The realization that pathogens can produce slowly progressive chronic diseases has resulted in a new concept of infectious diseases. A number of chronic diseases are caused by one or more infectious agents: e.g., stomach ulcer is caused by Helicobacter pylorii; chronic lung disease in newborns and chronic asthma in adults are caused by Mycoplasmas and Chlamydia pneumoniae and various pathogens are associated with atherosclerosis and Alzheimer disease.
It has been known from a century that chronic bacterial infections are frequently associated with amyloid deposition and that experimental models of inflammation and amyloidosis can be produced by injecting living or killed bacteria or their toxic components to animals. It has also been known from a century that chronic bacterial infection can cause dementia. Treponema pallidum, the causative agent of syphilis, causes slowly progressive dementia, cortical atrophy, chronic inflammation and amyloid deposition in the affected brain.
Alzheimer’s disease (AD), the most frequent cause of dementia, is a form of amyloidosis. The pathological mechanisms driving the accumulation of amyloid remain unclear. Bacteria, including spirochetes, are powerful stimulators of inflammation and are amyloidogenic. They were suggested to be contributors in generating and sustaining chronic inflammation and amyloid deposition in Alzheimer’s disease. The concept is not new. Fischer, Alzheimer and their colleagues have discussed the possibility that microorganisms may play a role in senile plaque formation already century ago.
The results of all these studies when taken together allow us to conclude that Borrelia burgdorferi and oral spirochetes can persist in the brain and in analogy to Treponema pallidum, can cause chronic or late neurospirochetoses and cause dementia, cortical atrophy and amyloid deposition. Exposure to spirochetesa or to their toxic products, host responses similar in nature to those observed in AD may be induced. Spirochetes together with other bacteria and viruses may initiate a cascade of events leading to cell death, neurodegeneration and amyloid deposition in AD. In a similar way microorganisms, including various types of spirochetes, including oral, intestinal and several Borrelia species, as well as other bacteria, like Chlamydia pneumoniae, Helicobacter pylori and yet uncharacterized coccoid and fusiform, bacteria and viruses might initiate chronic inflammation and amyloid deposition in type 2 diabetes, in atherosclerosis and in many other chronic inflammatory disorders. As a consequence they may cause tissue atrophy, amyloid deposition and cellular death and dysfunction.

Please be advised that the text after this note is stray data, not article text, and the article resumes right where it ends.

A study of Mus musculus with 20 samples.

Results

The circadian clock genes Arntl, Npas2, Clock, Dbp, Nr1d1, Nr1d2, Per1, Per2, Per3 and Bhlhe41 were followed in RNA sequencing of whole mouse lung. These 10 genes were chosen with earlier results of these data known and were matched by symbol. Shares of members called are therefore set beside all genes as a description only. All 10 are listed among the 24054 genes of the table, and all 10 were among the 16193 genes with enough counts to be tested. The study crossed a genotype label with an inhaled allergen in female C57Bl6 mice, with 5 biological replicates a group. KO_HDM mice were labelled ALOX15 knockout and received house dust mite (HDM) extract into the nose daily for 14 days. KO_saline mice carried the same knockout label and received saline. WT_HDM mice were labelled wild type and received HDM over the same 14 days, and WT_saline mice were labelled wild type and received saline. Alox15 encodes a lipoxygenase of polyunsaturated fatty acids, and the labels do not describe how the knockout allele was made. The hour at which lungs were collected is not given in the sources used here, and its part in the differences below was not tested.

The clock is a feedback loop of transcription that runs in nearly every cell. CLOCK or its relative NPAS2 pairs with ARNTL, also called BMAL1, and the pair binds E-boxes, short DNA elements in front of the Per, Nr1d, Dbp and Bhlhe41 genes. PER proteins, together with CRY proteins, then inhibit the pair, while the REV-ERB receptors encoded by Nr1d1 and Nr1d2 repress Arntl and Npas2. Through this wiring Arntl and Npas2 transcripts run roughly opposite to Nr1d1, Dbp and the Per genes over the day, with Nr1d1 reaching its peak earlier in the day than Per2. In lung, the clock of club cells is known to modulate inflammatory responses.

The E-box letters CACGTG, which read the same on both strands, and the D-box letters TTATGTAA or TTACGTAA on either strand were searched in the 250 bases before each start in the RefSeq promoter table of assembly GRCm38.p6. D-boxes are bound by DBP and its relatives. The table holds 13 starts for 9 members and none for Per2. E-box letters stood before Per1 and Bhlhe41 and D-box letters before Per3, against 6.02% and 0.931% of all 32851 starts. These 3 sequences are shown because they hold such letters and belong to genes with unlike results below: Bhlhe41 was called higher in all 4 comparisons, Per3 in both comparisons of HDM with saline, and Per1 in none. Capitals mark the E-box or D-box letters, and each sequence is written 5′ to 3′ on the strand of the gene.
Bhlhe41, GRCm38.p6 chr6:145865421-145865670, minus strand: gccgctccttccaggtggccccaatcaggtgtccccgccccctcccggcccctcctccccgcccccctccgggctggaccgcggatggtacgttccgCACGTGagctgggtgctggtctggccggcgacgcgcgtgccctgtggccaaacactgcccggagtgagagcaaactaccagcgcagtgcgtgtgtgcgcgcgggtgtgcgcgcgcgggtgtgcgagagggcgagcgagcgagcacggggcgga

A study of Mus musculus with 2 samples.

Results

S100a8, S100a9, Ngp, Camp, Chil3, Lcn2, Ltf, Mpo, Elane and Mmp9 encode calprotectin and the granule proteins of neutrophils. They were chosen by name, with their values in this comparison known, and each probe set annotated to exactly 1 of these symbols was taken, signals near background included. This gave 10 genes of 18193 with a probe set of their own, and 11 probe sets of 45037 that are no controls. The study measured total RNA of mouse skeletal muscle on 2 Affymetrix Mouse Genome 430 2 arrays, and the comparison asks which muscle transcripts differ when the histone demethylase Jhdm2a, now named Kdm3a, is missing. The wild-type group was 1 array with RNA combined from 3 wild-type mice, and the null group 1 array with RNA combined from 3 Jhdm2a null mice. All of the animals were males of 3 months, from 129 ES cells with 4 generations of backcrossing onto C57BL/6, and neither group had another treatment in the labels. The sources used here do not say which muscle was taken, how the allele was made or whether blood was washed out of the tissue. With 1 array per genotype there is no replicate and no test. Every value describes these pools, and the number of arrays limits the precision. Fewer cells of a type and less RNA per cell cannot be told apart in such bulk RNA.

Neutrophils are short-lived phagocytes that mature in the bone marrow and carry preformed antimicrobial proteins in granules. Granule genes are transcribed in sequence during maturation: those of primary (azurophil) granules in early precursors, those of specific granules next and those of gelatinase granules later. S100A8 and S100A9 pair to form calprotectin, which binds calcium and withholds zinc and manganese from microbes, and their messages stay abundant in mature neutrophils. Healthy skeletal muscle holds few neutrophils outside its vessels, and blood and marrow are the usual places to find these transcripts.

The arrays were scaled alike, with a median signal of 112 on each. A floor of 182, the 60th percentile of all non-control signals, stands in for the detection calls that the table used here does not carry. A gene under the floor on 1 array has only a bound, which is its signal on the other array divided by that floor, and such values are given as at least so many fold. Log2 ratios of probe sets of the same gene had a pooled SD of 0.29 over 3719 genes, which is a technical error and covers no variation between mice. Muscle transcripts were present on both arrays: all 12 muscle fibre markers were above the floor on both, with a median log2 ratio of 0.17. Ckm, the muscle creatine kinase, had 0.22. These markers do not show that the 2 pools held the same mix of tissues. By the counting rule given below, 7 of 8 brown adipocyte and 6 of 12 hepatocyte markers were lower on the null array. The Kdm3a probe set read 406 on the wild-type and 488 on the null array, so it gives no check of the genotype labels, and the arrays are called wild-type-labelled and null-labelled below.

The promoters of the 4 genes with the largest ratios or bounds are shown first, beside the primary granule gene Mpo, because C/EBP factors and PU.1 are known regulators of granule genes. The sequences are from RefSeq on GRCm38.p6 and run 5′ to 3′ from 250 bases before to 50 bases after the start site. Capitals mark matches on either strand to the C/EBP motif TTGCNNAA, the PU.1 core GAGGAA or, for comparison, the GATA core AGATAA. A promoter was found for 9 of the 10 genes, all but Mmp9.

The fact that pathogens may suppress, subvert or evade host defenses and establish chronic or latent infection has received little attention in the past. During infection, active oxygen and nitrogen species generated by inflammatory cells can cause DNA damage, induce apoptosis, and modulate enzyme activities and gene expression. Depending upon the biology of the pathogen and the host defense mechanisms the microorganisms can persist in the infected tissues, resulting in chronic, persistent inflammation. The outcome of infection is as much determined by the genetic predisposition of the patient as by the virulence and biology of the infecting agent. Environmental factors, including stress and nutrition are critical determinants of disease expression as well.
Pathogens, in addition to strong lymphoplasmocytic infiltrates, can also induce slowly progressive chronic inflammation with poor or absent lymphoplasmocytic infiltrates (e.g. leprosy, syphilis). Activated macrophages and/or microglia are the principal players in this slowly progressive form of infection, which results in slowly progressive parechymal involvement and tissue atrophy.
Highest priority should be given to this emerging field of research. It may have major implications for public health, in the treatment, and prevention of Alzheimer disease and other associated chronic inflammatory disorders as adequate anti-bacterial drugs are available. Treatment of a bacterial infection may result in regression and, if started early, prevention of the disease. The impact on reducing health-care costs would be substantial.
As it was the case for paretic dementia in syphilis, one may prevent and eradicate dementia in Alzheimer disease.